New York dominates K-12 Nationals!

Rochelle Ballantyne

Photo by Elizabeth Vicary.

New York has been the “Mecca” of U.S. chess for decades. Famous as the childhood home of Bobby Fischer and for its famed chess clubs and parks, the tradition continues in scholastic chess. Hikaru Nakamura found fame in the scholastic arena not long ago and they may have a few more GMs coming through the pipeline.

New York’s domination at the K-12 National Championships was so thorough that it appeared to be a state championship. Brooklyn’s I.S. 318 won 1st place in three grade categories… 6th, 7th- and 8th-grade. Elizabeth Vicary told The Chess Drum,

I believe this is a first. While some K-12 schools have won three sections in the past, I don’t think anyone has taken 100% of the sections for which they are eligible. The sixth graders (led by Shawn Swindell) went 6-0 in the last two rounds to beat out Hunter and Horace Mann by a point and a half. The top three scores in each grade count towards to the team total.

The seventh graders (led by Myles Foster) had a very significant two-point lead going into the last round (with two 4½’s and a huge “cushion” of six 4’s.). They ended up beating Hunter by half a point and Horace Mann by 3½ points. The eighth graders (led by Rochelle Ballantyne, who drew the top seeded player (2052) in the last round with black) tied with Horace Mann.

New York Times ran an article on the success of the local schools and mentioned that P.S. 116 won the 1st-grade championship; Hunter Elementary won the 2nd grade championship; Horace Mann won both the 4th- and 5th-grade championships; I.S. 318 swept the 6th-8th grades. Josh Colas starred for New York’s Mamaroneck Avenue School and scored 6/7 in the 5th grade section. Mamaroneck came in 2nd behind Horace Mann followed by four more New York schools. The sixth section saw New York take the top nine positions!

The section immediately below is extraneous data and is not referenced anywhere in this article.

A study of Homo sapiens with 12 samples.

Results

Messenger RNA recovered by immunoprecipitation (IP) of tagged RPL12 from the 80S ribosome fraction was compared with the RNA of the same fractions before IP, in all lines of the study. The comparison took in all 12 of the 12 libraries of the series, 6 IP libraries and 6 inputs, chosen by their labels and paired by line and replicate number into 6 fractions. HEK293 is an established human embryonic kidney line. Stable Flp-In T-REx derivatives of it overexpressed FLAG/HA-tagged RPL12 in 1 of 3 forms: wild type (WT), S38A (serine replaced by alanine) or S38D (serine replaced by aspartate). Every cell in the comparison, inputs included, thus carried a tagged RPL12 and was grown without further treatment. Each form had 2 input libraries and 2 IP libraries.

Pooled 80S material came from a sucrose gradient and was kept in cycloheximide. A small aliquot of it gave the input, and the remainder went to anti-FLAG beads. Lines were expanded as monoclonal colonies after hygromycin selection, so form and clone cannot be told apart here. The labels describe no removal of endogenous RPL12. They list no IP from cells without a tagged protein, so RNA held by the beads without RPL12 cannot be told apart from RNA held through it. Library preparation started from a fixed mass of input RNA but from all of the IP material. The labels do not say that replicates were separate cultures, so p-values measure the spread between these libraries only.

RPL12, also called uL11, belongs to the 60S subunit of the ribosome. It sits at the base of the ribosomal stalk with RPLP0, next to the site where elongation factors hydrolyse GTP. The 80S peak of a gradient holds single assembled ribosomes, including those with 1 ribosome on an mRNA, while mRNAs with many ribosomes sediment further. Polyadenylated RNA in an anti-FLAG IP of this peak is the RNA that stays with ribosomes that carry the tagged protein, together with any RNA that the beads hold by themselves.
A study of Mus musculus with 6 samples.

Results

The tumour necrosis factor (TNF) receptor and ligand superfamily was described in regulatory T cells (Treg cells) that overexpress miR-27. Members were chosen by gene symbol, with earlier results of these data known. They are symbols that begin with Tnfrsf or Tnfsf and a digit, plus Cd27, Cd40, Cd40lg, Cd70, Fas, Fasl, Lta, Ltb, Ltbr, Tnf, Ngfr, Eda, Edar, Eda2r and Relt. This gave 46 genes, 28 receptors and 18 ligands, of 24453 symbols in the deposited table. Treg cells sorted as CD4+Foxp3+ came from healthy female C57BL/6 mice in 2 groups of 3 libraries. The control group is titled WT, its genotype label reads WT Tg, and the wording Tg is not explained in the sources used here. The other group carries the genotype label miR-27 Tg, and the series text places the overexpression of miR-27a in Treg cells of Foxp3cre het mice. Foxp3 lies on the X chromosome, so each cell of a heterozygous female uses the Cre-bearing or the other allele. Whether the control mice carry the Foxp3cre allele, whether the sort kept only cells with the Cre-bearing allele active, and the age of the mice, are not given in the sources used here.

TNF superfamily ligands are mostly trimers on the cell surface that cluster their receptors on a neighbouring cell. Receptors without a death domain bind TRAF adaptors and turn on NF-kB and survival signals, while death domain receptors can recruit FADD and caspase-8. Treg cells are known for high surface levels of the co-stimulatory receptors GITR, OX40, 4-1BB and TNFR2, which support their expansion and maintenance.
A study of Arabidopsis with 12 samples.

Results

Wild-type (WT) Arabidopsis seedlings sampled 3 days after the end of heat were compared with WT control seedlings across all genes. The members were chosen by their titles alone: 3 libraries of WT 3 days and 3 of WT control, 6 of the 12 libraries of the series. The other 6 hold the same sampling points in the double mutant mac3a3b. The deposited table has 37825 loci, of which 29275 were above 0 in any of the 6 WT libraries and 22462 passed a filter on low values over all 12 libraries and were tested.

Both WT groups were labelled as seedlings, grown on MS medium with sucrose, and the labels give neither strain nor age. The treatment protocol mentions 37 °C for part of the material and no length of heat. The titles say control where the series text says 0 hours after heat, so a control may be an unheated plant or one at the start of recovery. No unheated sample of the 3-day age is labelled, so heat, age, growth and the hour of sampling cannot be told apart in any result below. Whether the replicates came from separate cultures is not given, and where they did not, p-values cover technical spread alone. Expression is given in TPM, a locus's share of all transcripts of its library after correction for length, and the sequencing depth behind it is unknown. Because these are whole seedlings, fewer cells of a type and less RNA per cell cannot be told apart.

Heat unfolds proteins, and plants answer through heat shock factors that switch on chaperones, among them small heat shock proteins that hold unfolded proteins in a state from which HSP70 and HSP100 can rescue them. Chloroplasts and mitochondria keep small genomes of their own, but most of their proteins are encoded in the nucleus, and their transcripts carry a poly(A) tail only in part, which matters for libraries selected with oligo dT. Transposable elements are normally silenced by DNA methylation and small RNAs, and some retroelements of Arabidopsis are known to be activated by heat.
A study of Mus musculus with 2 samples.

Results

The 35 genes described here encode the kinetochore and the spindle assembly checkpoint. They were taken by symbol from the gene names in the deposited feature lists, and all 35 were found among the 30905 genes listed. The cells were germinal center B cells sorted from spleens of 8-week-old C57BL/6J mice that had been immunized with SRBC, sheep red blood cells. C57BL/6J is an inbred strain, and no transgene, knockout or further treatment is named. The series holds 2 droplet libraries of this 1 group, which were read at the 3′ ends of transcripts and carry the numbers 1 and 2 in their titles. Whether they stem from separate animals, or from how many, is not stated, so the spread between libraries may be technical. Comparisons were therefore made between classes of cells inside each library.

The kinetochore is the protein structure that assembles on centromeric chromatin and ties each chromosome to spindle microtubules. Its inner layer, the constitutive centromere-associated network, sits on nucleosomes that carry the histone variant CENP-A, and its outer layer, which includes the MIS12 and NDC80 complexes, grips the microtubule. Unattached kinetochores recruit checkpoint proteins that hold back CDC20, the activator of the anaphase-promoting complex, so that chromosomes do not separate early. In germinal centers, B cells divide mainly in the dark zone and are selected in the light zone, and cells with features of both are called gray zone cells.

Daaim Shabazz

Daaim Shabazz is the founder of The Chess Drum, while serving as a tenured faculty member of Global Business & Marketing at Florida A&M University in Tallahassee, Florida, USA. He holds a B.S. Computer Science from Chicago State University, an MBA in Marketing and a Ph.D. in International Affairs & Development, both from Clark Atlanta University. He has served the journalist community for more than 30 years and still competes in tournaments occasionally.

4 Comments

  1. I like these puzzles. Very instructive!

    For #1, 1…Qxf6??? tosses a piece after 2.Nxe6!
    For #4, I quickly looked at 1.Nxb7 Rxb7 2.Rc7! Not sure if that is the solution, but looks good!
    For #6, 1.b4! is cute. I’ll leave the rest… very practical examples!

    For John Paul Garcia’s, I didn’t know whether to look for the right move or the one he chose (the funniest).